The Scottish Conservatives have sought assurances that Scotland’s new social security IT system will be fit for purpose in the wake of problems with Scottish Government and public sector computer systems.
The new social security IT system is set to be that single largest computer project that the Scottish Government has ever had to deliver.
It has been estimated that it will cost £190 million and take four years to complete.
But a series of spiralling computer costs for existing systems has led to the Tories questioning the Scottish Government’s record on IT and challenge ministers to ensure the same mistakes are not repeated.
The Conservatives pointed to the answer to a Freedom of Information request that showed the core Scottish Government lost £178,000 when a new flexi work system was cancelled because of “performance issues.”
While the Scottish Prison Service lost £440,000 of taxpayers’ money trying to build a new finance system. The Electronic Procurement System was suspended when “a number of technical difficulties were discovered” during the pilot phase.
Other examples of IT problems included the Common Agricultural Policy Futures programme. The original business case set out costs of £50m for the IT system. In April 2015 this was revised with costs now expected to total £129m for the system by the end of the programme, an increase of 158 per cent.
Other IT systems to experience rising costs include one for NHS 24. The original business case for NHS 24 set out a cost of £75.8m, however the 2015/16 audit of the project estimated that total final costs would be £131.2m, an increase of 73 per cent.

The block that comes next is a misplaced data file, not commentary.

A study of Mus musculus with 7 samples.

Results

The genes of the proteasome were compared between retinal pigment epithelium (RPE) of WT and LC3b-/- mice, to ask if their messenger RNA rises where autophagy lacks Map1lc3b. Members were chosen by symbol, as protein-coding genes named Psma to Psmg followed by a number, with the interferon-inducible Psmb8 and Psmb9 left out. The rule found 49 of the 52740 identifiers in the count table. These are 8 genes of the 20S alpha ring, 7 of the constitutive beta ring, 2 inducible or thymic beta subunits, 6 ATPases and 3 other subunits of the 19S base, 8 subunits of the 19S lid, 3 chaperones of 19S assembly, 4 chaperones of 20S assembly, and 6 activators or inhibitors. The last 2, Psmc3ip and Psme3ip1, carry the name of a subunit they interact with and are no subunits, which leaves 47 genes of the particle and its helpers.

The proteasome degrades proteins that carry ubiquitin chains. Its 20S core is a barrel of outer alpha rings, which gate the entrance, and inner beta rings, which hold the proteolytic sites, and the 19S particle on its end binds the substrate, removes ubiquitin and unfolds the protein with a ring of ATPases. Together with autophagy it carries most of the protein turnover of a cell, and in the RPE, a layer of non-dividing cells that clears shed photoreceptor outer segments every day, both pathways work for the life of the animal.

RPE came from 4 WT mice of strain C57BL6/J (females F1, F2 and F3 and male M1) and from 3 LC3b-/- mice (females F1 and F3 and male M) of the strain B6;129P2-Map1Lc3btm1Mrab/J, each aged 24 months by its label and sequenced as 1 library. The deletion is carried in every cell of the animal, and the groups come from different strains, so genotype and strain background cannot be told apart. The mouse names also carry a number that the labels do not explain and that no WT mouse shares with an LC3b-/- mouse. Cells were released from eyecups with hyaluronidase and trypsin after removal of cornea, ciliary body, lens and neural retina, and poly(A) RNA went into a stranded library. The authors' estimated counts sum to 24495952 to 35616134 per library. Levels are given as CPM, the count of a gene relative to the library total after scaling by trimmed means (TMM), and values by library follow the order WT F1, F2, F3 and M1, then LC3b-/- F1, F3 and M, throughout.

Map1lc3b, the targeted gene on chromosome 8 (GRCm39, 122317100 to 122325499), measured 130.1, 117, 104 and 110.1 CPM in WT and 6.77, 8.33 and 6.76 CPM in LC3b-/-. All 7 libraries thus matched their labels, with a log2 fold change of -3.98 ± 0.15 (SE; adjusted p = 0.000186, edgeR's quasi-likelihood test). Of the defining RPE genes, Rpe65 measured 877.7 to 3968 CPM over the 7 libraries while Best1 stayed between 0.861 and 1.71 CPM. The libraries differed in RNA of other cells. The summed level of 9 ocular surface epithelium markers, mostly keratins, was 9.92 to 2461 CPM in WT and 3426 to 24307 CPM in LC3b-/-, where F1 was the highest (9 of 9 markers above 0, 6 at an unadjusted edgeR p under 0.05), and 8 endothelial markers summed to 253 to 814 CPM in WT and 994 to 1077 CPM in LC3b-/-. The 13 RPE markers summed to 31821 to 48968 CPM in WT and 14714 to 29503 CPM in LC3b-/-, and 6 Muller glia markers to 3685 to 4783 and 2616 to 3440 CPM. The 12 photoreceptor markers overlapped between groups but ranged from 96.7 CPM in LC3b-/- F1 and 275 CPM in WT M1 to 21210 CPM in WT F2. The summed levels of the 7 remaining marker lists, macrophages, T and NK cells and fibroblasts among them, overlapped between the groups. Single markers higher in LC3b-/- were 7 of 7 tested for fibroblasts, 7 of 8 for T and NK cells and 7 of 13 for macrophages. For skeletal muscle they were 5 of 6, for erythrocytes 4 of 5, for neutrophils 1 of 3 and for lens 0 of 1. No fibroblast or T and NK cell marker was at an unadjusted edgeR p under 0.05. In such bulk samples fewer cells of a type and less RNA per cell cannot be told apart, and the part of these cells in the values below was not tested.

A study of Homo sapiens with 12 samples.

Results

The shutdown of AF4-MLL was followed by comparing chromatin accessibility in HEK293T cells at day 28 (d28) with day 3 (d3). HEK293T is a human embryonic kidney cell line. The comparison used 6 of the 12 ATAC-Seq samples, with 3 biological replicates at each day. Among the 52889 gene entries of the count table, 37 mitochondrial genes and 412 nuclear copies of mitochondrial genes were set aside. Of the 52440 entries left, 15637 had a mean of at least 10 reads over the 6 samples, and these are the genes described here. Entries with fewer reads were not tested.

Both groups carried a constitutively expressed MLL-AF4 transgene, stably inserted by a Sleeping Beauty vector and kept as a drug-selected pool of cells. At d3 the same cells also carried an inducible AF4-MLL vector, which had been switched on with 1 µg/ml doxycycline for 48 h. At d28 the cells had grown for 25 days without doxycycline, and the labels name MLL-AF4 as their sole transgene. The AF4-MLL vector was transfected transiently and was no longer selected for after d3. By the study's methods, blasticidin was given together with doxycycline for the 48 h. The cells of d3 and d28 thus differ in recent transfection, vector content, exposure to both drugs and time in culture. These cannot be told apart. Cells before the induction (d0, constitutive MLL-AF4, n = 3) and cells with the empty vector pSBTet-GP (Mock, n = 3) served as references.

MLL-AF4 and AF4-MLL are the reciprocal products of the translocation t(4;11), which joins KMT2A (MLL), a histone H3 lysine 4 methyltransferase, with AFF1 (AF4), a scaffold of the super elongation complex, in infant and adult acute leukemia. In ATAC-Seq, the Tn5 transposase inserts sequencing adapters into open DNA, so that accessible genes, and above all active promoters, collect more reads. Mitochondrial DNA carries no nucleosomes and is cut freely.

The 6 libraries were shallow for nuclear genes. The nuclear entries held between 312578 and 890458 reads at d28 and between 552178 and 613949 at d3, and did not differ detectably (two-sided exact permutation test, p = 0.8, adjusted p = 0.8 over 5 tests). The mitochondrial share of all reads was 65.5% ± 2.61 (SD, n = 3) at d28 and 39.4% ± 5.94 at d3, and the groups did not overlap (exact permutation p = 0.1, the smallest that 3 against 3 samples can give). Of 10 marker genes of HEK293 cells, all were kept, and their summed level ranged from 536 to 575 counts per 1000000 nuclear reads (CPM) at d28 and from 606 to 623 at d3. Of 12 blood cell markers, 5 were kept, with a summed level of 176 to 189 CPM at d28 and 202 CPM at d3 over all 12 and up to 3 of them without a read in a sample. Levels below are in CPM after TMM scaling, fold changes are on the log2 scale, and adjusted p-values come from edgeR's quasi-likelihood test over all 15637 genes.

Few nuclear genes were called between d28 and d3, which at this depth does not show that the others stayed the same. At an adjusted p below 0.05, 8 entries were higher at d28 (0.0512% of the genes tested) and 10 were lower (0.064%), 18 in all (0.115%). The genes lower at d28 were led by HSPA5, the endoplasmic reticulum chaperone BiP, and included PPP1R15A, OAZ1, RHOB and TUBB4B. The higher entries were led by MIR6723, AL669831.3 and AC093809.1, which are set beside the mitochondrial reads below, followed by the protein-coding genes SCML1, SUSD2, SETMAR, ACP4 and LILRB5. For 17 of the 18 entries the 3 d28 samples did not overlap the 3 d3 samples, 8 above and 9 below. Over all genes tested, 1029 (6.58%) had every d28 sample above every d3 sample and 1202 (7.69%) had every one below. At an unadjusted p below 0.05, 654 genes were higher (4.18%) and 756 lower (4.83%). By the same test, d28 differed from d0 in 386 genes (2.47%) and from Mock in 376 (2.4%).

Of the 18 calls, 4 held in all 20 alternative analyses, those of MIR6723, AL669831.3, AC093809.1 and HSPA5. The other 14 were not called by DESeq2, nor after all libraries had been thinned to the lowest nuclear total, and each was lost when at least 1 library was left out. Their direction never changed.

Scottish Tory finance spokesman Murdo Fraser said: “This is simply further evidence of the SNP’s cavalier approach to spending hard-working taxpayers’ money. These are large sums and important projects but they pale into insignificance in comparison to the importance and scale of the new social security system the SNP must implement.
“How can we possibly believe they have the capability to implement a social security system that will be fit for purpose and not simply waste more money?”
The Scottish Prison Service said a “conscious decision” had been made to halt its pilot IT system rather than risk further public money on it.
A Scottish Government spokesperson said: “We are determined to create a social security system for Scotland that is fair and treats people with respect.”